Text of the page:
Since its formal launch in 2008, following two years of negotiations among tech companies, human rights groups and academics, not a single company has agreed to join beyond the original members--Google, Yahoo and Microsoft.

This despite considerable pressure from supporters of GNI, including Senator Richard Durbin (D-IL), Chair of the Senate Judiciary's Subcommittee on Human Rights. Indeed, in the wake of uprisings in Tunisia, Egypt, Libya and elsewhere and the seminal role played by social media and other IT, a full-court press has been launched against Facebook and Twitter in particular for failing to sign up. ...continue reading "Why no one will join the Global Network Initiative"

In the rush of ink that flowed yesterday over AT&T's announced merger with T-Mobile USA, I posted a long piece on CNET calling for calm, reasoned analysis of the deal by regulators, chiefly the Department of Justice and the FCC.

Since the details of the deal have yet to be fleshed out, it's hard to say much about the specifics of how customers will be affected in the short or long term.  My CNET colleague Maggie Reardon, however, does an excellent job laying out both the technical and likely regulatory issues in a piece posted today from the CTIA conference.

My point was simpler.  Within hours of the deal's announcement, and without any relevant facts, public interest groups including the Media Access Project, Public Knowledge and Free Press had already issued press releases condemning it--Public Knowledge, in fact, called the merger "unthinkable."

That, I'm sure, was just rhetorical excess, but it does underscore a modern tendency among some advocates to react emotionally rather than rationally to any kind of asset combination.  They assume any change in the competitive landscape that reduces competition in the literal sense (fewer competitors) is by definition an antitrust violation, and conflate that with what is in fact much more complex antitrust analysis that regulators undertake.

What will be significant in this deal, I suspect, is who takes the lead.  The Department of Justice has repeatedly indicated it believes there is robust competition in mobile services, and that an accelerated push to 4G (the point of this merger) could improve competition overall by creating a viable alternative to wireline broadband.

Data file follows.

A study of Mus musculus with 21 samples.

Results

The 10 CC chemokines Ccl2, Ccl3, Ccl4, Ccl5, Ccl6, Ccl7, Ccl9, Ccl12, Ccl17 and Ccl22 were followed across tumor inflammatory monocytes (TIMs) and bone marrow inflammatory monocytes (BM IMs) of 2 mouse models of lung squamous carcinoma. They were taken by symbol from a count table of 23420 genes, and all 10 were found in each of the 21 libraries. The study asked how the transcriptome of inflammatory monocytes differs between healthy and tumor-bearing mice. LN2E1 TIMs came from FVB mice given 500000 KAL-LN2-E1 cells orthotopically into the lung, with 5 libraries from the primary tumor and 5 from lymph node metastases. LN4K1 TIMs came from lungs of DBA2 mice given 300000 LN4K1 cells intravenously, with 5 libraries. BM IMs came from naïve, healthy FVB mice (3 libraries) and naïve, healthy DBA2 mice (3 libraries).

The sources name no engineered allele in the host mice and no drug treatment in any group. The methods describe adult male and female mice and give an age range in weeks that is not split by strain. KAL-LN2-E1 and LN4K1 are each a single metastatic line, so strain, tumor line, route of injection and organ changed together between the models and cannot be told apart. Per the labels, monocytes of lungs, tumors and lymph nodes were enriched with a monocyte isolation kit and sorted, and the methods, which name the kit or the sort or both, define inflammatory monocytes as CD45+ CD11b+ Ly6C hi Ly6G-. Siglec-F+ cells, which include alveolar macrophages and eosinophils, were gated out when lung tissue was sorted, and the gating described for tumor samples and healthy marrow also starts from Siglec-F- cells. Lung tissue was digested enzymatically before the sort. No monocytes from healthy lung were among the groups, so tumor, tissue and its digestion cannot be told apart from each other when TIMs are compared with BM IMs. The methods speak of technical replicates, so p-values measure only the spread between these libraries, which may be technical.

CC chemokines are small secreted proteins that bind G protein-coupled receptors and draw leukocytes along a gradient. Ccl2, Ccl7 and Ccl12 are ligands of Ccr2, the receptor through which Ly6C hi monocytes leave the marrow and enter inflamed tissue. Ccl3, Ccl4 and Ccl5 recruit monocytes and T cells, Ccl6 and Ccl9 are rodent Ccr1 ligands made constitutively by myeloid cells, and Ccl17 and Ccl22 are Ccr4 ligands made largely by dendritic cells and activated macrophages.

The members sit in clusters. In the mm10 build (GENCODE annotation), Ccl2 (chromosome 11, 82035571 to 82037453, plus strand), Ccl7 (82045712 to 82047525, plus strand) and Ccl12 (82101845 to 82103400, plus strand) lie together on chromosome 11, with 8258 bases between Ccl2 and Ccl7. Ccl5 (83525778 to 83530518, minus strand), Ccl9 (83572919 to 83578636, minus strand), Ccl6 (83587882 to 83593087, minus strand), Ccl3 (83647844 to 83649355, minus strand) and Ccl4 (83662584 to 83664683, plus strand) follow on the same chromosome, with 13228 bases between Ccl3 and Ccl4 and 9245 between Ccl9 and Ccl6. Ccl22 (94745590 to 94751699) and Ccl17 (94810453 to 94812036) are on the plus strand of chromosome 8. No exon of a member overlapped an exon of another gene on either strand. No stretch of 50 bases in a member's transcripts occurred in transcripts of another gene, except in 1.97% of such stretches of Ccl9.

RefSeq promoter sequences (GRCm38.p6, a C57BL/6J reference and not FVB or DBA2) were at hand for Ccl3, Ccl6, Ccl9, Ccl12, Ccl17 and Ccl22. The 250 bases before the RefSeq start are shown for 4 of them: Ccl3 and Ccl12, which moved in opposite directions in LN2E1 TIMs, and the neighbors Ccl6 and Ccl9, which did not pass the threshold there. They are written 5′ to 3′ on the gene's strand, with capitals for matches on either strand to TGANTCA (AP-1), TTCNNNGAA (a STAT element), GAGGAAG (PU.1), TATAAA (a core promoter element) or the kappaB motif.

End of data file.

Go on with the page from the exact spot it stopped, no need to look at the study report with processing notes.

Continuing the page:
(See the DoJ's letter to the FCC as part of the National Broadband Plan--which also, by the way, found robust competition in wireless, though the FCC has since back-tracked in an unconvincing manner.)

The FCC, on the other hand, has gone off the rails recently in its antitrust analyses, as evidenced by the painful, drawn-out review of Comcast's takeover of NBC Universal and the crazy quilt of largely-unrelated conditions imposed on the deal in a nearly 300-page Order.

Worse, there's still that nagging Paragraph 78 of the Open Internet order, where a majority of Commissioners explicitly rejected the idea that traditional antitrust measures of harm to consumers would guide their application of the net neutrality rules.   (They offered no alternative criteria, even worse.)

Left to the FCC, the AT&T/T-Mobile deal will take forever to complete, and will be left shouldering regulatory pet projects for years.  Left to the Department of Justice, something more reasonable and timely might happen.

But that's just more thinking about the "unthinkable."  Pardon my logic.


Larry appeared this week on "The Communicators," C-SPAN's weekly program exploring the digital future.

Larry spoke with veteran D.C. reporter Peter Slen on a wide range of topics at the 2011 State of the Net Conference, where the interview was taped. Subjects included net neutrality, the Law of Disruption, and the poor fit of emerging technologies and specific regulation.

2011 has already been filled with important developments in the technology world, and I continue to be a regular source for journalists as well as publishing frequent editorials and analyses of my own.

I’ve just posted several new items to the Media Page of my website, including articles I’ve written for CNET and for Forbes, as well as video from this week's appearance on PBS's "Ideas in Action."

Some highlights:

.  Coverage of policy events at this year's Consumer Electronics Show for both CNET and the Wall Street Journal's All Things Digital focused on coming battles in the new Congress over the FCC's net neutrality rules, and previewed the rest of the likely tech agenda.

. Video from Larry's appearance at the Congressional Internet Caucus's "State of the Net 2011."

. A controversial essay for Slate Magazine, "Doing Nothing to Save the Internet".

. Extensive coverage of Larry's testimony before the House Judiciary Committee on the FCC's Open Internet order.

.Stories for both CNET and Forbes analyzing the FCC's failure to complete a crucial inventory of spectrum licenses ahead of requirements to find 300-500 Mhz. of new spectrum for mobile broadband in the next five to ten years.

"Ideas in Action with Jim Glassman: The Next Digital Decade," Public Broadcasting System, March 8, 2011. Larry speaks with "Ideas in Action" host Jim Glassman and law professor Geoffrey Manne about the next digital decade.'

Larry appeared along with Lewis & Clark Law Professor Geoffrey Manne on the PBS program "Ideas in Action" this week to discuss The Next Digital Decade.